Visiting Artists Program

Greenwich Academy's visiting artist program brings contemporary artists to campus to participate in programs combining visual arts with different academic disciplines. In the past, visiting artists have presented slide lectures, given gallery talks, or designed interactive projects for the classroom, design lab, or art studio. Greenwich Academy hopes to foster interdisciplinary thinking through its visiting artist program.

Previous Visiting Artists



2017: In connection with his solo exhibition, Mohamad Hafez: Homeland InSecurity , Syrian born artist and architect Mohamad Hafez spent a day in residence at Greenwich Academy. In lectures to the entire Middle and Upper School divisions, and a gallery-talk with our Modern Middle East seminar, Hafez shared his own personal journey from Damascus to the United States, while also explaining what it means to be displaced. Using humor to draw the students into his story, Hafez discussed the difficulties he faced as a Middle Eastern Muslim living in a post-9/11 America and the struggle his family faced after fleeing war-torn Syria.

2015: In conjunction with her exhibition Paper Falls and Other Natural Wonders, painter Laurie Olinder held a workshop with students in Middle School art teacher Mollie Flannery's classes. Olinder visited the exhibition with the students to talk about her inspiration and process. Then the girls created their own versions of "paper falls" and "natural wonders," far exceeding the expectations of the artist. Olinder later wrote, "I was so amazed at how they interpreted my work. It was very inspiring!" For their "paper falls", GA students created collaborative blue square paintings, each working on an area, then switching places to add to the work from a different angle. For the "natural wonders" works, the girls collected leaves, nuts, and other autumn detritus, then created their own natural studies, some using ink made from walnuts. Their small, individual watercolors were arranged to create a mosaic-patterned larger work in the exhibition.


2014: Brooklyn-based artist Claire Corey works in painting, printmaking, and drawing, but her process defies categorization. She is a pioneer in using graphic design software in unexpected ways, using repeated scanning, printing, collaging, drawing, and painting to create lush, layered canvases.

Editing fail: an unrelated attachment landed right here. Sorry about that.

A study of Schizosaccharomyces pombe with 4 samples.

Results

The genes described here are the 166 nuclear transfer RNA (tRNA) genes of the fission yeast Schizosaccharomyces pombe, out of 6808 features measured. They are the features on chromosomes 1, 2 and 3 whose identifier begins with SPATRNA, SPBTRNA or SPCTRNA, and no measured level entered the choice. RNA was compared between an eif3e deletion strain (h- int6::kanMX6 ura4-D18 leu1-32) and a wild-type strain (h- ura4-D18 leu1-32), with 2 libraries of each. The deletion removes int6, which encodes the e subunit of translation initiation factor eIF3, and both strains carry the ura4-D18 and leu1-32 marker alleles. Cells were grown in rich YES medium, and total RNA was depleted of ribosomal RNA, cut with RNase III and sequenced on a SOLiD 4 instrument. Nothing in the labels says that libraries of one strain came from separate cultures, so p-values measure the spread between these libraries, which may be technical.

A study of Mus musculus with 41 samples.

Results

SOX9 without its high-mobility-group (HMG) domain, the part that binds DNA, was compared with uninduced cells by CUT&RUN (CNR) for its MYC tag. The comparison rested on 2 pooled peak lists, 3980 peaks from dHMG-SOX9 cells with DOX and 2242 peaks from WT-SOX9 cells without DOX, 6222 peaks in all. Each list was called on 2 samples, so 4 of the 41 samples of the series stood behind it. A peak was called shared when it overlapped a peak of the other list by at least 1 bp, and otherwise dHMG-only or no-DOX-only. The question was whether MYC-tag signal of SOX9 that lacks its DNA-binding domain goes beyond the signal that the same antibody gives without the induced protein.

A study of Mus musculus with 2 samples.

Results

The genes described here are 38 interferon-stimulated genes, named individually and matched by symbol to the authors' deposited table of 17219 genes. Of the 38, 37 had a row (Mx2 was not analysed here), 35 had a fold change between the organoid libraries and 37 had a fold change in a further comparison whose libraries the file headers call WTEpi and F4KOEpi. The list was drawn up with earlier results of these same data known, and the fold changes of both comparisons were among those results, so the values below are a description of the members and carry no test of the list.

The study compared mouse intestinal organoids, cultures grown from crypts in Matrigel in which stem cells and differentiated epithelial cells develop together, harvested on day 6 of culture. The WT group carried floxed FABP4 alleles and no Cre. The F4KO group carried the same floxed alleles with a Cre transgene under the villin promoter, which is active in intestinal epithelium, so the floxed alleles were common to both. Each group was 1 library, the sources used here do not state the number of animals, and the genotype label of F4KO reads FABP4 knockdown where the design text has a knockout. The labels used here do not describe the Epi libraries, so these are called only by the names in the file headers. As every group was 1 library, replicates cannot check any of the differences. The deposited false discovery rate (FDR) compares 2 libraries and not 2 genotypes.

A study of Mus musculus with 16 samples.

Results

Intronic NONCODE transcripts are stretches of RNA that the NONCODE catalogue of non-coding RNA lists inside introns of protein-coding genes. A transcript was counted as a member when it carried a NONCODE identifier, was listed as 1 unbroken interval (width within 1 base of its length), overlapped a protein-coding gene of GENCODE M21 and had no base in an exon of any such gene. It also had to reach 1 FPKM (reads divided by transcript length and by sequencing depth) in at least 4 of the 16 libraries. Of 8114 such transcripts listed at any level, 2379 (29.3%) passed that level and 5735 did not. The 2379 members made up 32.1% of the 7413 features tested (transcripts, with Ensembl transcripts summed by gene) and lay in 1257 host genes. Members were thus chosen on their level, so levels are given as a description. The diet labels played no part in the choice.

2013: Gabriela Salazar received an MFA in Painting from Rhode Island School of Design. An artist, writer, curator, and teacher, she has shown in both group and solo shows across the country. Her essay, Another One Bites the Dust! was published in the Journal of Contemporary Aesthetics in October, 2010. A one-time teaching fellow at Greenwich Academy, she works primarily in site-specific installations.

2012: Rashmi Talpade earned her fine arts degree in photography and ceramics in her native Mumbai, India. Since moving to Connecticut in 1991, she has become active in the New York, New Haven, and Hartford art communities. She directed the City-Wide Open Studios In New Haven and serves on the Visual Arts Committee at Artspace.


2011: Josette Urso received her MFA in Painting from the University of South Florida and currently works in New York City. Urso traveled to Taiwan for a residency at STOCK20 in 2006 and to Cambodia with the AIEP American Artist’s Abroad program in 2004.

2011: Christopher Schade is best known for his abstract landscapes. He lives and works in Brooklyn, but his roots are in Texas. He has taught “plein-air” painting in France, in the Hudson Valley, and at Montclair State University in New Jersey.

2010: Martha Lewis earned her BFA from the Cooper Union and her MFA from Yale. She works primarily in painting and drawing but also has created installations, a fictional newspaper, and set designs. She has taught drawing at the Yale and Columbia summer programs, served as an education curator at Artspace, New Haven, and hosted a radio show about contemporary art on WPKN, FM.

2009: Kysa Johnson is a painter who overlays notable landscapes with molecular patterns or maps, contrasting the mirco and macro environments and bringing to the forefront what is invisible to the eye. Educated at the Glasgow School of Art, she lives and works in New York.

2009: Eric LoPresti grew up in the desert steppe of eastern Washington state, near a critical facility for Cold War plutonium production. His paintings investigate the physical and cultural aftereffects of dramatic conflict, focusing specifically on the aftermath of the Cold War and its associated landscapes. He lives and works in Brooklyn.

2009: J Henry Fair is best known for his Industrial Scars series, a series of aerial views of environmental disasters simultaneously stunning and horrifying. Mr. Fair’s work has been featured in segments on the TODAY Show, CNN, FOX News, and major publications, including The New York Times and National Geographic. He is cofounder of the Wolf Conservation Center in South Salem, NY.

2008: Randy Williams is a visual artist, a Professor of Studio and Art Education at Manhattanville College, and an instructor and educational consultant to the Metropolitan Museum of Art. He holds a Bachelor of Science in Art Education from New York University and a Masters Degree in Art Education from Sir George Williams University in Montreal.